Lynn Nottage won the Pulitzer prize for this play, largely I suspect because of the power of the material and the opportunity it provides for great actors to demonstrate their talents. The play still needs work – it is longer than it needs to be and has at least one scene that is unnecessary. Playing with the parott adds mothing – Kill the Parrot!
But this production was excellent- a very powerful cast kept the audience fully engaged. Yanna McIntosh as Mama Nadi was brilliant. She did not miss a step and managed to be tough, funny, sarcastic and vulnerable and always totally believable.
the rest of the cast were also strong. Sterling Jarvis as Christian was a perfect foil for McIntosh. Sophia Walker as Sophia gave a literally show stopping performance – her speech about what happened to her and her baby was so powerful and so powerfully delivered that the audience clapped spontaneously – probably because the only possible other reaction was to burst into tears.


About cathyriggall

Theatre junkie, who thinks live theatre is the ultimate form of living on the edge. You never know what will happen when an actor steps on the stage.
This entry was posted in Lynn Nottage, Sophia Walker, Sterling Jarvis, Yanna McIntosh. Bookmark the permalink.

One Response to Ruined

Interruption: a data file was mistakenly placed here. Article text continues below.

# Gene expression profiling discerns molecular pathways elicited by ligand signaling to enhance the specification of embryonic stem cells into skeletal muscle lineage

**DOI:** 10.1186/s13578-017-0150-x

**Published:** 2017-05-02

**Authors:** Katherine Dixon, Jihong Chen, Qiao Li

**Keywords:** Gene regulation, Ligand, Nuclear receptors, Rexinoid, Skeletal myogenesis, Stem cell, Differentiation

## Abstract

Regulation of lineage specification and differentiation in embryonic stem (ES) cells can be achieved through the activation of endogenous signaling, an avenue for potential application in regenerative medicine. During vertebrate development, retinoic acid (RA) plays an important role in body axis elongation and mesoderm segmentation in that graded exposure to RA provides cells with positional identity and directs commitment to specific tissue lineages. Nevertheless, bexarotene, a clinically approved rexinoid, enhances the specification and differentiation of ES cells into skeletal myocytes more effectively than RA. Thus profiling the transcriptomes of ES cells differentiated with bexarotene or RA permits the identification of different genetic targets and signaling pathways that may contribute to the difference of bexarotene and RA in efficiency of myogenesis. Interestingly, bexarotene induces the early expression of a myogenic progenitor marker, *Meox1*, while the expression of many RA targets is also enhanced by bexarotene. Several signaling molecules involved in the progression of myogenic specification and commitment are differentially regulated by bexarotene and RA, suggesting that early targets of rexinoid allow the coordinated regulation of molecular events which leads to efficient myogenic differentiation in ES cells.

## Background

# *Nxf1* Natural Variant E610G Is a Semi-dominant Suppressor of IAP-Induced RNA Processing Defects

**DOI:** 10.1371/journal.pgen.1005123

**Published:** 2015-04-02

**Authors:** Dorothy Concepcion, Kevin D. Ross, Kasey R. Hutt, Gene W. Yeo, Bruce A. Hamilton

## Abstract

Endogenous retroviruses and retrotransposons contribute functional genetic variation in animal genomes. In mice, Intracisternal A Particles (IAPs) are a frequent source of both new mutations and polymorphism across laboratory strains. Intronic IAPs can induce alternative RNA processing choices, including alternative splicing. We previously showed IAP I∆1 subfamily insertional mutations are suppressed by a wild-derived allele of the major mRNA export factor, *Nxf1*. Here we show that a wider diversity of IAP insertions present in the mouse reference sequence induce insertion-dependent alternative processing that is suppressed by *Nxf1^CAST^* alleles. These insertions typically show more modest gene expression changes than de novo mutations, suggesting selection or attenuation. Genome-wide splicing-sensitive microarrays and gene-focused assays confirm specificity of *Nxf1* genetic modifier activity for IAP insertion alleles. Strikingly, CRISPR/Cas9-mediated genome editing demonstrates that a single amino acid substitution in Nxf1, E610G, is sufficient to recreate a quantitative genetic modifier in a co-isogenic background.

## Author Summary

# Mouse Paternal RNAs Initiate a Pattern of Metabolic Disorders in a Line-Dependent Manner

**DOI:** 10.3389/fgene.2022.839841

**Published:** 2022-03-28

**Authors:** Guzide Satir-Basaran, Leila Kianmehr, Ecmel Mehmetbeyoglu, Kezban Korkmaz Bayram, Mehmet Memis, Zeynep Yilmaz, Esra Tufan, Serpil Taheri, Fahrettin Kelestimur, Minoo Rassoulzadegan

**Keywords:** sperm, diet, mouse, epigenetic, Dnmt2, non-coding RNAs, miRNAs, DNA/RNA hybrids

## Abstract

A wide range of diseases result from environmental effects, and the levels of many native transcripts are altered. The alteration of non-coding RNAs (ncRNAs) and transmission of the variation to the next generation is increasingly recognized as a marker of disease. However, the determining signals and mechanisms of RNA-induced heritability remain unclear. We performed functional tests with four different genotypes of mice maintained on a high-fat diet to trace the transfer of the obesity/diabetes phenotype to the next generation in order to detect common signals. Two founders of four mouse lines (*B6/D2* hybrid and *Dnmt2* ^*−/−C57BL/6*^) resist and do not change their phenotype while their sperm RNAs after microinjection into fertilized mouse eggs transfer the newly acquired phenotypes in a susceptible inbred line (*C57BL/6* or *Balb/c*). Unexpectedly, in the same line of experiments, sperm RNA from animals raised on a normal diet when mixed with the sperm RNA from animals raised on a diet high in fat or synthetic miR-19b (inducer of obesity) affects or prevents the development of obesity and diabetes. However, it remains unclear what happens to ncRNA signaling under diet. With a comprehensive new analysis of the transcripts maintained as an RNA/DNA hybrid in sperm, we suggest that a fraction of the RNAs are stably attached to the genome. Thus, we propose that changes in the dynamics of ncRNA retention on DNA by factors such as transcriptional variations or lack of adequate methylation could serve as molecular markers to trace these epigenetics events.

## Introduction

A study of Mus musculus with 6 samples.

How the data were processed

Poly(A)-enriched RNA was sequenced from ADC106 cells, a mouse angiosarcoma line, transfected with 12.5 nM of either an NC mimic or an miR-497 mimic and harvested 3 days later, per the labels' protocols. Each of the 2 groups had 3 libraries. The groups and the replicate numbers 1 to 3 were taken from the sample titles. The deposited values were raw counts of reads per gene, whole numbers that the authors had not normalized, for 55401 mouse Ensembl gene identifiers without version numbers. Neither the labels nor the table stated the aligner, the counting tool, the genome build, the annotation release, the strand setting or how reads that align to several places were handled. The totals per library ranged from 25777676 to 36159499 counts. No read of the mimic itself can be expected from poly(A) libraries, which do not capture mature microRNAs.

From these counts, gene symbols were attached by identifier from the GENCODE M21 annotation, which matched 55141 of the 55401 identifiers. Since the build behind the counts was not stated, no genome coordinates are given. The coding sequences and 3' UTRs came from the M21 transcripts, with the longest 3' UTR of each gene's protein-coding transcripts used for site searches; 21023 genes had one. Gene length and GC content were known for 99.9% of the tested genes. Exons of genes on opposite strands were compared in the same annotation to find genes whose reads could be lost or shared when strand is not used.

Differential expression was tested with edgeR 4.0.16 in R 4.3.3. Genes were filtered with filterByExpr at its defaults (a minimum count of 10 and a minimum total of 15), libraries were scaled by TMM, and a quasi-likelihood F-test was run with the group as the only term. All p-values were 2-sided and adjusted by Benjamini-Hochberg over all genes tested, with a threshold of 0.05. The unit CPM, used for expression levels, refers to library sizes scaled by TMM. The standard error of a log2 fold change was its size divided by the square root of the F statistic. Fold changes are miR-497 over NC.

1. Keith says:

    Performances trump play certainly in this case. The play does need work and I agree: if you introduce a parrot in the first act, it has to say or do something in the second. The material is powerful, uncomfortable and important; but that doesn't alter the fact the play itself still needs work.I have not always been comfortable with McIntosh's performances, but I have no problems here – she was excellent.I also agree about Sophia Walker (Salima, not Sophia I think – but I may have got her character and Sabryn Rock's names confused). In any case, we agree on the speech; we appear to have seen her in lots of shows, but I only remember he in Harlem Duet – but I'll certainly remember her here.I also think Marci T. House's "Josephine" deserves to be remarked on – not as sympathetic character as Sophie or Salima, but important to the play and well brought to life here.